Well, not in those exact words, but the message was clear.
With five weeks to go before Donald Trump is scheduled to take the oath of office, the transition has certainly played out as a 21st-century version of "Alice in Wonderland." This week the 45th president appointed Rick Perry to head the Department of Energy, one of the cabinet-level agencies the former Texas governor famously forgot that he wanted to abolish during his short-lived 2012 presidential campaign.
The appointment came a week after Trump's transition team sent a list of 70-plus questions to the DOE, including a request for the names of employees and contractors who worked on climate change-related projects.
DOE officials responded by insisting that the department would “respect the professional and scientific integrity and independence” of all employees working within its offices and labs, the Washington Post reported. In short: While all public information would be readily made available to the transition team, the DOE put the kibosh on naming individuals.
The fear is not that employees will be fired from their jobs; the patchwork of union membership and other employment protections, for better or worse, will prevent any melodrama of mass firings. But DOE employees could be reassigned, or even see their work become ignored or marginalized by the political appointees that Trump and Perry would enlist to run the department over the next four years. Contractors with long-term relationships with the DOE and its employees could also be terminated or find that their contracts will not be renewed.
Meanwhile, the Post's Joe Davidson described a scene at some DOE labs as akin to the time when dot-coms were folding during that sector’s market crash at the turn of the century. Scientists have reportedly been downloading their research and scientific data onto independent servers in the anticipation that such information will eventually be suppressed or disappear during a Trump administration.
Add the recent announcement that ExxonMobil CEO Rex Tillerson will be the next Secretary of State, and U.S. energy policy could undergo a massive shift despite the energy and climate change mitigation policies that are being adopted by much of the world.
Trump’s signal that the U.S. will boost its consumption of oil and coal comes at a time when market forces have caused natural gas and renewables to displace coal (and, in the long run, possibly oil) as the foundation of the country’s energy portfolio. Trump has made the dubious promise that coal jobs will come back to America. But the fact is that job opportunities in the clean-energy sector are increasing at a rapid rate – and, as Bloomberg reported in May, have surpassed employment in oil and gas drilling.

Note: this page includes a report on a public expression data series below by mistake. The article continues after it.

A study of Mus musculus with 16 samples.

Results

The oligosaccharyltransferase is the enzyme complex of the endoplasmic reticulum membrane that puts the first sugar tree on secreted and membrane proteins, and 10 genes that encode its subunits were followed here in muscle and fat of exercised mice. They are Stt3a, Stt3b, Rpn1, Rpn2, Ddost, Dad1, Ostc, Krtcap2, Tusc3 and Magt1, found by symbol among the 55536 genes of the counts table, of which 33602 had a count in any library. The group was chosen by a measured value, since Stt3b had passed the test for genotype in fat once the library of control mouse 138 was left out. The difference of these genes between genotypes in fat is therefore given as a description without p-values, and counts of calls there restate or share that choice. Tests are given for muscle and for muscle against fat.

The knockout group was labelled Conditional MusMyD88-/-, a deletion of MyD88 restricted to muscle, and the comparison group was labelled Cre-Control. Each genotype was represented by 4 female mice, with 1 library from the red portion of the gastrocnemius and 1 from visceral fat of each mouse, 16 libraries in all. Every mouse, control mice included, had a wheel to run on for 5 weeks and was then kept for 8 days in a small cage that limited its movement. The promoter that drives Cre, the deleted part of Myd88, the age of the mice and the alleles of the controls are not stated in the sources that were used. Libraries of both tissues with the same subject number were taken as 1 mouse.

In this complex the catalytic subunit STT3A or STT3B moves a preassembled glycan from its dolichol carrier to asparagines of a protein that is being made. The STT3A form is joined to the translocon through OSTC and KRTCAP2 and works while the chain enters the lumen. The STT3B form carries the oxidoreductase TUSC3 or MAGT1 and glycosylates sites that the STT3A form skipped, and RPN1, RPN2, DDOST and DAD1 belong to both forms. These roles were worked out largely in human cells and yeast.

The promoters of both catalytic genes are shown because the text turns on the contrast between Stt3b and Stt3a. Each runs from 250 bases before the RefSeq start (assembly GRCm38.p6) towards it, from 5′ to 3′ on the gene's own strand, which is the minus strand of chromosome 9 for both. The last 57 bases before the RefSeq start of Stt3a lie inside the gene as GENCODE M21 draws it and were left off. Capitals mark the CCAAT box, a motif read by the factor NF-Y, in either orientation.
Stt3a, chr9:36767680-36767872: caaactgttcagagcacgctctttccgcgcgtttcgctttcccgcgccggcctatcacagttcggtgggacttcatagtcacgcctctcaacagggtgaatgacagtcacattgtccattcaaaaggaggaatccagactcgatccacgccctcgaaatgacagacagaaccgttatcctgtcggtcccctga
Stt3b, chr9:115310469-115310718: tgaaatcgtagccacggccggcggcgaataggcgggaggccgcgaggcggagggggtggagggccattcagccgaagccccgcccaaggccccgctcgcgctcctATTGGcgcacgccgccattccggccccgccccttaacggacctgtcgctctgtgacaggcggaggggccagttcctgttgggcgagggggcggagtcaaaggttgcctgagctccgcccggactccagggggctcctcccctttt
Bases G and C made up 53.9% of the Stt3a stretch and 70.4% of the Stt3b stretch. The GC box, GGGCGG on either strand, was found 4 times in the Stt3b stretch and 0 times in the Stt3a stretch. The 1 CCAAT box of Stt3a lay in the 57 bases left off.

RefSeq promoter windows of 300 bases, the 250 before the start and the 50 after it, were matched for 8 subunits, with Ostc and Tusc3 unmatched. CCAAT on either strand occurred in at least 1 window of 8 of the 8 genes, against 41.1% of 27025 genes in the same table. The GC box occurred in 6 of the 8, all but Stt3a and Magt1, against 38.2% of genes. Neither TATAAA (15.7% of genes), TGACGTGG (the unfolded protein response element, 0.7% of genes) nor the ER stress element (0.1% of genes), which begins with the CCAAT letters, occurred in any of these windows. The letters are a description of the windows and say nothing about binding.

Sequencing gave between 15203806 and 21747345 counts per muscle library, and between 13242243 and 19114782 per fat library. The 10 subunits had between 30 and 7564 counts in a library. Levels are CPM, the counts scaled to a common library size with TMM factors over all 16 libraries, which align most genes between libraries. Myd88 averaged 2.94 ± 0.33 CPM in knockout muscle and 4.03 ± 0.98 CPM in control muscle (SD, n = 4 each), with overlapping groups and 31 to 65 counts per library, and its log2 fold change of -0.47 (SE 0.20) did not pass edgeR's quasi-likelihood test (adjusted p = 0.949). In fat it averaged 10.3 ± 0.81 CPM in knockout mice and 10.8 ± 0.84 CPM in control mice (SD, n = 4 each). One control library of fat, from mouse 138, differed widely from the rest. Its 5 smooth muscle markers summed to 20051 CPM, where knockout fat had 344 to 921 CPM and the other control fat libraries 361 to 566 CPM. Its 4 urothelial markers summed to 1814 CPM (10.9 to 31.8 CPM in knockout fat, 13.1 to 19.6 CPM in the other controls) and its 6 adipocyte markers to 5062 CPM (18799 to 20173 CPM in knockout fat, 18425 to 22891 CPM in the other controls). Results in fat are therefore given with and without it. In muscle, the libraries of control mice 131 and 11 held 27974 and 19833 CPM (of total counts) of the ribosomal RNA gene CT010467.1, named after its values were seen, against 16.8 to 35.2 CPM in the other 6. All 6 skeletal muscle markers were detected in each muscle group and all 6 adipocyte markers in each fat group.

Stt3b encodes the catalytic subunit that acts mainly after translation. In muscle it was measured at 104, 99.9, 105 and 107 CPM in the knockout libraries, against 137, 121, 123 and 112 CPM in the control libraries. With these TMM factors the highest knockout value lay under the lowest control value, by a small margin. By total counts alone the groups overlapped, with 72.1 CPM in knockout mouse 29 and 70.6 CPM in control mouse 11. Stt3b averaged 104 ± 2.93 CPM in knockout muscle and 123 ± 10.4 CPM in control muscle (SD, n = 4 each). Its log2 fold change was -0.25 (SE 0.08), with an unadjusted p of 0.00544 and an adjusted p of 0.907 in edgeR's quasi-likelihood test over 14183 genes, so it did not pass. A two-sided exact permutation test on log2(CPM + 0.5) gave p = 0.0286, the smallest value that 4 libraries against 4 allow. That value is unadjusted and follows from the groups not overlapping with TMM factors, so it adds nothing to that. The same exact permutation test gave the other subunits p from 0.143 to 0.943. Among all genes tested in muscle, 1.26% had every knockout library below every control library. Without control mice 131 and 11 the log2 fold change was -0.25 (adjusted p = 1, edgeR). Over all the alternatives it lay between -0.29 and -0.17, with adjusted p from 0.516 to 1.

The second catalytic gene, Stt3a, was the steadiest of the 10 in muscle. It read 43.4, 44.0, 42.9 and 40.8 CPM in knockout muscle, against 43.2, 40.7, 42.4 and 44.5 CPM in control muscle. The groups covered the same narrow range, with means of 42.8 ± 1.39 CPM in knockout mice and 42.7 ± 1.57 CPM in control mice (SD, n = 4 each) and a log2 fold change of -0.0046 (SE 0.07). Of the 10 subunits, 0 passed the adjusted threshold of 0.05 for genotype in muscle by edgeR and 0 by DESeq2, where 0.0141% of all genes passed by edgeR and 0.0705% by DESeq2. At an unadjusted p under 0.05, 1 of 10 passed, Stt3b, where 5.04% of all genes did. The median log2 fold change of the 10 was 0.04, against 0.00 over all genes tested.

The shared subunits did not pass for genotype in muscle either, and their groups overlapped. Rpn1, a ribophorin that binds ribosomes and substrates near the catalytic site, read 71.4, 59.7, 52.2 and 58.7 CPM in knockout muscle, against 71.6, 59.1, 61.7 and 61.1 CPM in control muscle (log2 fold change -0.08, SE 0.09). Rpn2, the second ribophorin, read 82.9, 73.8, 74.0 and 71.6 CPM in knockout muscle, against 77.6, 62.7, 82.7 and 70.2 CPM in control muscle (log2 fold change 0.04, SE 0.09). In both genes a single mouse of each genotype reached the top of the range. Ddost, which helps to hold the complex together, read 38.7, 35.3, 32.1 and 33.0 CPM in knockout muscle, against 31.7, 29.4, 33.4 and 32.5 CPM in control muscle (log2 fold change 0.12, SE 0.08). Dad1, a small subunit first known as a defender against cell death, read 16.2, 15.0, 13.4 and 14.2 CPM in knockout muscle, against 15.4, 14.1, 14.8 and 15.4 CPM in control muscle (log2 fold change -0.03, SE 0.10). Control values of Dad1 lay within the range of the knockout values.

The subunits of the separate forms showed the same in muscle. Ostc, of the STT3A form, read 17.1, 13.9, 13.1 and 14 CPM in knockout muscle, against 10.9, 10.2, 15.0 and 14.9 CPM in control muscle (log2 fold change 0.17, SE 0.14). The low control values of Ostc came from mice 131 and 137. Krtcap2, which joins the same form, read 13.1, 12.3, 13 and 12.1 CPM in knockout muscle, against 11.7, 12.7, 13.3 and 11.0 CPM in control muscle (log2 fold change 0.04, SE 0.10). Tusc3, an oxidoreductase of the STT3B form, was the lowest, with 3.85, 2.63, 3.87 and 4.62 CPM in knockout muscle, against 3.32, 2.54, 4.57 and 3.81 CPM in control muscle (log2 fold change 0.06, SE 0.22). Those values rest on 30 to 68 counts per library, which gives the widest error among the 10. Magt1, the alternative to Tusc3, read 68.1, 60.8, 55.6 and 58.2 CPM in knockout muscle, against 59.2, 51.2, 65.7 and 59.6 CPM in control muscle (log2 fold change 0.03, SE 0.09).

Fears of a total wipe-out of the policies made over the past eight years (and even under George W. Bush) are probably overstated. A total reversal of a previous administration’s policies is unheard of, as evident in the grumblings the Left often directed at the Obama administration on everything from Guantanamo Bay to government secrecy.
Meanwhile, the falling price of renewables such as solar and wind power have made them cost competitive with fossil fuels, and the private sector has responded in kind.
And finally, a change in the federal government will have little impact on states and municipalities that have embarked on their own clean-energy investment plans.
Nevertheless, Trump’s appointments indicate that anyone in the science community will need to fasten their seat belts and add a straightjacket with lots of bubble tape, as they'll be in for one heck of a bumpy ride.
Image credit: Walmart/Flickr
Leon Kaye has written for TriplePundit since 2010, and became its Executive Editor in 2018. He's based in Fresno, CA, from where he happily explores California’s stellar Central Coast and the national parks in the Sierra Nevadas. He's lived in South Korea, the United Arab Emirates and Uruguay, and has traveled to over 70 countries. He's an alum of the University of Maryland, Baltimore County and the University of Southern California.